MARIENBAD created and performed by Christopher House and Jordan Tannahill. Sound design by Matt Smith. At Winchester Street Theatre (80.
MARIENBAD created and performed by Christopher House and Jordan Tannahill. Sound design by Matt Smith. At Winchester Street Theatre (80 Winchester). To June 4. $20-$26. 416-967-1365, eventbrite.ca. See listing. Rating: NNNN
Christopher House and Jordan Tannahill‘s new duet is a strange and delicate expression of connection. Fraught with mysterious undercurrents and motivations, the 50-minute work juxtaposes antic movement with moments of tense repose.
The orientation of the Winchester Street space is cleverly flipped, with the audience seated in the usual performance area and the performers running rampant on the risers that usually support the seats. In notes, House calls this “a found environment of floating terraces.” Aurally, it creaks and booms like a ship at sea or an old house.
Matt Smith‘s thrilling score helps the dancers work this hard-edged space. Its mix of machine noise, choral music and natural sounds – murmuring voices, birds singing, dogs barking – swells and subsides in volume and intensity. It knows when to be silent, during time-out moments between kinetic outbursts, for example, or when Tannahill starts manically leaping, making the risers themselves jump percussively.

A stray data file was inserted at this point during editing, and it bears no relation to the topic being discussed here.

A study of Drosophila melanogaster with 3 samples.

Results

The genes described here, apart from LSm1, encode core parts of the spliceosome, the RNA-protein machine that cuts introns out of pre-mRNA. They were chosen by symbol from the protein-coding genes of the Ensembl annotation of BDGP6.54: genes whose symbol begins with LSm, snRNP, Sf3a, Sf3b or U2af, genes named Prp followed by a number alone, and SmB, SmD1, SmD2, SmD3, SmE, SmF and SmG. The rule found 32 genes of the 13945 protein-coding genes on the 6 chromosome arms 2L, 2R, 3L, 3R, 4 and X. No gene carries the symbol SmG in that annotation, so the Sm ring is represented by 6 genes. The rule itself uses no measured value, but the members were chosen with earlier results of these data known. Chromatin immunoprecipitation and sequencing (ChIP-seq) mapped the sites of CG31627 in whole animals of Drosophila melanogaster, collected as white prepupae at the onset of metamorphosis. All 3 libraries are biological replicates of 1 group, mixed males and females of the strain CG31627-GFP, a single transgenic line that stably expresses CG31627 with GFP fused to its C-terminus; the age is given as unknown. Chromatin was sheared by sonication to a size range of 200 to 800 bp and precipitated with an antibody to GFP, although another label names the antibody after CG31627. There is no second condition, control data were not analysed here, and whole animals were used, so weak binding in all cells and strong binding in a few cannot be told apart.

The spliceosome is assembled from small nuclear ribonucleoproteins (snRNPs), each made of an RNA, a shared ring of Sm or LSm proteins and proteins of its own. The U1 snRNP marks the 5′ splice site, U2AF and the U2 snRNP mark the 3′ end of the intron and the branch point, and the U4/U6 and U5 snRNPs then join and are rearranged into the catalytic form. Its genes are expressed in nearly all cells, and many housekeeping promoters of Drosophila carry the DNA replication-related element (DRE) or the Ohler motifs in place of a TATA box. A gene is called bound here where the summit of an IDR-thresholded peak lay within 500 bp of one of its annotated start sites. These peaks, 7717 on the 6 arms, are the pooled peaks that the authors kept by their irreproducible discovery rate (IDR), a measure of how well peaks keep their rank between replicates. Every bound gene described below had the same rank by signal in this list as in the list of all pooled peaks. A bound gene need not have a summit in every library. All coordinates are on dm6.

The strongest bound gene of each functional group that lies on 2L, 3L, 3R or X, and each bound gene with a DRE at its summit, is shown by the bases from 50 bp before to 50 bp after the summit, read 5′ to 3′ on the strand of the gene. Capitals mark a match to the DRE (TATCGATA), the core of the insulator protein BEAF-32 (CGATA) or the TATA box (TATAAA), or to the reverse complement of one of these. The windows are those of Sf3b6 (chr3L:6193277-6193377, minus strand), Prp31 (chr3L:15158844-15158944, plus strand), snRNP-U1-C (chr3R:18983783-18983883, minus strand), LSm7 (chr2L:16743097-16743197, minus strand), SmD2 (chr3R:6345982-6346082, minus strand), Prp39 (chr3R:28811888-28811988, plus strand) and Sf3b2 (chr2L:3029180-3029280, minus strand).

Tannahill’s movement style is generally more exuberant than House’s controlled and detailed dancing. But the intergenerational aspects of the work – Tannahill is probably 30 years younger than House – aren’t as obvious as you might expect. Mostly they’re in the mindset of the viewer trying to decode the relationship along conventional lines: “What are these guys to each other?”
Ageists will note that House has emphatically still got it, and in one sequence he blatantly shows it off, shifting in and out of dancerly and mildly comic poses in an effort to amuse and/or impress a watching Tannahill.
Both push their bodies hard – walking, running and tumbling up and down the risers. They dangle by their fingers from an architectural detail closer to the ceiling than the floor. At one point Tannahill drags House’s dead weight limb by limb up the risers.
I’m sure it’s strategic and well rehearsed, but the more gymnastic elements feel risky. Caught up in the pair’s situation, we watch them mutter and gesture, and they watch each other with what seems like approval or, on occasion, wariness. Of the many details, some are charming, some weird, but the otherworldly duet is grounded by these intricacies.
They are the unpredictable yet very real stuff of human business.
Don’t miss last year’s cover story with Jordan Tannahill here. Get theatre and dance listings here.